Ashes are an unavoidable waste product whenever you burn anything. It could be a log burner keeping you warm indoors through winter or a BBQ for entertaining on those long summer evenings. Burning wood, coal, or any other material leaves behind anything. Read on to learn more about coal and wood ash, and how to dispose of it safely.


Wood ash is natural and simply a result of setting wood alight and waiting for it to completely burn away. It’s a powdery residue left behind after burning logs, board, chips, or any other wood items. Charcoal ash comes from the same process, like burning for a barbecue, but the ash has different components (minerals and pH value, for example).

Coal is a completely natural substance. However, it must be mined to be used. The earliest recorded coal mining was in the fourth millennium BC in China, although widespread coal mining was initiated during the Industrial Revolution as a way of providing consistent heat for steam engines.

What is ash made from 
and how is it made?

Ash is simply the remnants or residue left behind after burning a material – often wood or coal. Wood is commonly produced in managed forests. Companies will buy a swathe of land and plant saplings in an ordered manner throughout, harvesting them when they’re grown. These are chopped up and sold to consumers and businesses.

Coal can’t be produced quickly, as it’s created over a process lasting millions of years within the earth. Heat and pressure applied naturally to dead plant matter over hundreds of millions of years forms coal. It’s then mined and extracted from the ground in various ways. The ash is created when the coal is completely burned out.


The best way to get rid of ash depends on the original material that was burned. Whenever you’re disposing of ash and whatever type it is you must always ensure it has cooled down before throwing it away. Here’s how to dispose of ash from wood, coal, and paper:

How to dispose of coal ash

Ash from coal should be allowed to cool, then disposed of in a general waste bin to be removed at a later point in time. It has little nutritional content and benefits and can be harmful to soil and plants, so should not be composted. This includes ashes from a barbecue.

How to dispose of wood ash

Wood ash can be composted due to its high nutritional value, supporting the growth of plants in the garden. This is only advisable for natural wood ash (including that from a fire pit or bonfire), but any ash from treated wood should be disposed of with general waste.

Always allow the wood ash to cool before adding to a compost heap. You can also put wood ash in your domestic garden waste bin if you have one. Many household waste recycling centres (HWRCs) accept wood ash in their garden waste containers as well.

Garden waste guide

How to dispose of paper ashes

Most ashes from burning paper and cardboard can also be composted, as they’re essentially wood product as well. However, ashes from any treated paper or cardboard (such as laminated sheets or cardboard with a metallic, foil, or plastic layer) should be disposed of with general waste.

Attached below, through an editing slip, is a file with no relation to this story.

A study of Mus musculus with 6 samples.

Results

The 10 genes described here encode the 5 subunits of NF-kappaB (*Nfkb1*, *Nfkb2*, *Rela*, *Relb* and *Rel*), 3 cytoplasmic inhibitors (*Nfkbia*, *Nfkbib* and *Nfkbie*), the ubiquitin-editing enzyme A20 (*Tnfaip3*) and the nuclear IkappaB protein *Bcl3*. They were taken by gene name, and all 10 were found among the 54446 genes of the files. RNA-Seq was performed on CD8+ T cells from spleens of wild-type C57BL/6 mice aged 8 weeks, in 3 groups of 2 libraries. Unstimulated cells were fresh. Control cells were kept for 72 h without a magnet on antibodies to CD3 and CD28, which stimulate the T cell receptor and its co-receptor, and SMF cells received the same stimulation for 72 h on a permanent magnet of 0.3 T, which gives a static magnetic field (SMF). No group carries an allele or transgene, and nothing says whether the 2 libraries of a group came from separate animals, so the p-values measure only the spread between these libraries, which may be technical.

Coal ash is considered a hazardous material. Improper disposal can harm the environment. Coal-fired power stations report a higher level of toxic pollutants in the surrounding areas. Allowing coal ash to seep into freshwater lakes, rivers, or nature reserves can cause problems for the local flora and fauna.

The primary risk with wood ash is that it may not have cooled properly prior to disposal. In this case, the ash may cause a fire in its disposal location, leading to severe environmental harm. This could be in your garden if it’s placed on a compost pile or in your general waste bin within your home.

Alternatives to coal and wood ash 

If you don’t wish to create coal or wood ash that needs to be disposed of, there are several alternatives available. For example, if you regularly light a fire in your garden to provide heat, electrical heaters could be a waste-free alternative that can keep you warm while not risking the environment.

If you use coal to power a barbecue, you can always switch to an outdoor gas cooker. Offering the same experience as a typical coal barbecue, an outdoor gas cooker comes without the need to dispose of ashes afterwards. When your gas canister is empty, you simply need to find a recycling centre that accepts canisters instead.

Facts about coal ash and wood ash

Here are some fats about coal and wood ash:

  • Some types of especially fine coal ash (typically ground in power stations) can be used in concrete or filler for construction.
  • Coal ash used in construction can resist chemical attacks and has a very low risk of cracking under extreme heat.
  • Wood ash can be used in acidic soil to balance the pH of the composition and make it easier for plants to grow. However, wood ash is useless in a fruit garden, as fruit plants prefer acidic soil.
  • In winter months, wood ash can be used to thaw ice on walkways, paths, and roads.

Where can you take ash to recycle 
and dispose of it for free?

You can dispose of coal ash by simply placing it in your general waste bin. Wood ash can be either put in your general waste bin or sprinkled on your garden to encourage plant growth.

Please remember to allow all ash to cool before attempting to dispose of it. You may damage your bin or kill the plants in your garden. There’s also the potential to start a fire on your property if you’re not careful with ash disposal.